Institution was awarded for innovative cooperation model for developing antimalarial in Brazil
The Drugs for Neglected Diseases initiative (DNDi) received the FINEP Award for Innovation in Social Technology on 5 November 2014. The award was in recognition of an innovative Research & Development (R&D) model that has delivered a new antimalarial drug developed in Brazil. The drug is now also being produced in India thanks to a technology transfer from Brazil. The findings of a recent study released this month also revealed the treatment potential for children of five years of age and younger in Africa.
The consortium developing the antimalarial ASMQ, a collaboration between DNDi and the pharmaceutical company Farmanguinhos/Fiocruz, joined forces with several partners to operate as a connected, virtual laboratory. A broad range of partners – including research institutions, national malaria control programmes, regulatory agencies, the pharmaceutical industry, non-profit organisations and international organisations – brought together transformational components to strengthen developing countries’ capability to respond to their own health challenges.
“The FINEP Award is in recognition of an innovative management model capable of transforming the lives of millions worldwide suffering from neglected diseases by researching and developing new treatments,” said Eric Stobbaerts, Executive Director, DNDi Latin America. “This model, which focuses on the needs of patients rather than on market logic, operates through strong partnerships with industry, civil society and governments,” he added.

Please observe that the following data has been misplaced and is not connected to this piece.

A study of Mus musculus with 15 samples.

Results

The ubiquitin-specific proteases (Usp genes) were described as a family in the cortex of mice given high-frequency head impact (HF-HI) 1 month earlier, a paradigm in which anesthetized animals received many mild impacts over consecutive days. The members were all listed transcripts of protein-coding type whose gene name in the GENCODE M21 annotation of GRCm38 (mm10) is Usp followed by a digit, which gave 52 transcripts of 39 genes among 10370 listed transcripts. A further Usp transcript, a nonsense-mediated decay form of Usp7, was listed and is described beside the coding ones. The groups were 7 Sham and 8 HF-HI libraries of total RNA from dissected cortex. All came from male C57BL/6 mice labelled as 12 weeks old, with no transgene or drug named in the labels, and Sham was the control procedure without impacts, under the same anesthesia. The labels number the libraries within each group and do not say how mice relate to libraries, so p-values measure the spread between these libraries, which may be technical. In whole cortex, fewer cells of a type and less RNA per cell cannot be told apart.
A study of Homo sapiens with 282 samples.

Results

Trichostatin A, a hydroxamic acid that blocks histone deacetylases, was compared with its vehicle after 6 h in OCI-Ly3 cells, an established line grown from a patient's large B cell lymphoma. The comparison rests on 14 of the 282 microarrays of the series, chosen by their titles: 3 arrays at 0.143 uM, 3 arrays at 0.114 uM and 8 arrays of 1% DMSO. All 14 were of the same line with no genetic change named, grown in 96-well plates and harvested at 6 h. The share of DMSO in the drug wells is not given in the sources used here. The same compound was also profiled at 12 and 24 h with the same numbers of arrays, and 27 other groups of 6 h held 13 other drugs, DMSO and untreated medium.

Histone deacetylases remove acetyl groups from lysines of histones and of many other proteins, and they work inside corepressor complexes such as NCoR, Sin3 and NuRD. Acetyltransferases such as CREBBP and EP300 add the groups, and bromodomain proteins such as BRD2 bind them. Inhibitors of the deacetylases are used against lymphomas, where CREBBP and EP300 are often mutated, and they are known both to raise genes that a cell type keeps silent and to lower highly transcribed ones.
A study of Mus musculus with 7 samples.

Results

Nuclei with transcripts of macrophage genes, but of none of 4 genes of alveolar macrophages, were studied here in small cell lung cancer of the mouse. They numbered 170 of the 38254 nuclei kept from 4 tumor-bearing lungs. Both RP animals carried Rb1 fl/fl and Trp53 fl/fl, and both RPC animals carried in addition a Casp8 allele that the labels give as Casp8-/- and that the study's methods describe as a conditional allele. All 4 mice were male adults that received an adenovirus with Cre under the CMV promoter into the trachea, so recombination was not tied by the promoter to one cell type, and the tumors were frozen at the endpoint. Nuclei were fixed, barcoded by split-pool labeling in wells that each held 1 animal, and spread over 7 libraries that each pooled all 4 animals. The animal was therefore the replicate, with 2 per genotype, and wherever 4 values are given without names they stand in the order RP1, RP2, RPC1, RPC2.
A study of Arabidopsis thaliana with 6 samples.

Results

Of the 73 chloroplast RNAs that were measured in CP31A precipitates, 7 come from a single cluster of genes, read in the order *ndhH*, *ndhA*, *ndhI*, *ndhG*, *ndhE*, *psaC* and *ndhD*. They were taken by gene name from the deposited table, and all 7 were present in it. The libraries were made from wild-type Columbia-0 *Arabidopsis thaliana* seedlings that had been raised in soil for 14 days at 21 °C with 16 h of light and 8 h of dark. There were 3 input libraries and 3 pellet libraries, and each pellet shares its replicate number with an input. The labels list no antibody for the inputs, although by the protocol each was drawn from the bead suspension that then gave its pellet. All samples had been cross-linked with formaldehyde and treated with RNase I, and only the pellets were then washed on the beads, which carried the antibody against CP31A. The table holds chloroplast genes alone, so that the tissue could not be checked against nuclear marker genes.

The FINEP Award for Innovation is given to institutions, companies and individuals in recognition and encouragement of initiatives, products and projects developed in Brazil that have contributed to local development through innovation. Created in 1998, the award covers both a regional and a national scope.
ASMQ – a fixed dose combination of artesunate and mefloquine providing a simpler treatment for P.falciparum malaria – was registered in Brazil as a non-patented, public good in 2008. A South-South technology transfer between Farmanguinhos and Cipla, India, was achieved in 2010 and facilitates the implementation of ASMQ worldwide. The drug has also been included on the World Health Organisation (WHO) Essential Medicines Lists for adults and children. In Africa, recent study findings reveal the potential for using ASMQ to treat malaria in children of five-years old or younger across the African continent.
Since the year 2000, remarkable progress has been made in the fight against malaria. However, the WHO estimates that incidence remains high at 207 million cases per year, and that 627 thousand deaths are attributable to the disease, 86% of which are of children under five. In the Americas, the number of malaria cases is estimated at 1.1 million, with 1,100 deaths attributed to the disease, 29% of which are children under the age of five.
About DNDi Latin America
The Drugs for Neglected Diseases initiative (DNDi) is a not-for-profit research and development (R&D) organisation working to deliver treatments for neglected diseases, in particular Chagas disease, leishmaniasis, African sleeping sickness, filariasis, and paediatric HIV. Since its inception in 2003, DNDi has delivered six new treatments, including two in Brazil: a paediatric formulation of benznidazole for Chagas disease and the fixed-dose antimalarial ASMQ. DNDi was founded by Médecins Sans Frontières/Doctors without Borders (MSF), Indian Council of Medical Research, Kenya Medical Research Institute, Brazil’s Oswaldo Cruz Foundation, Ministry of Health of Malaysia, and Institut Pasteur in France, with the WHO Special Programme for Research and Training in Tropical Diseases (TDR) as a permanent observer.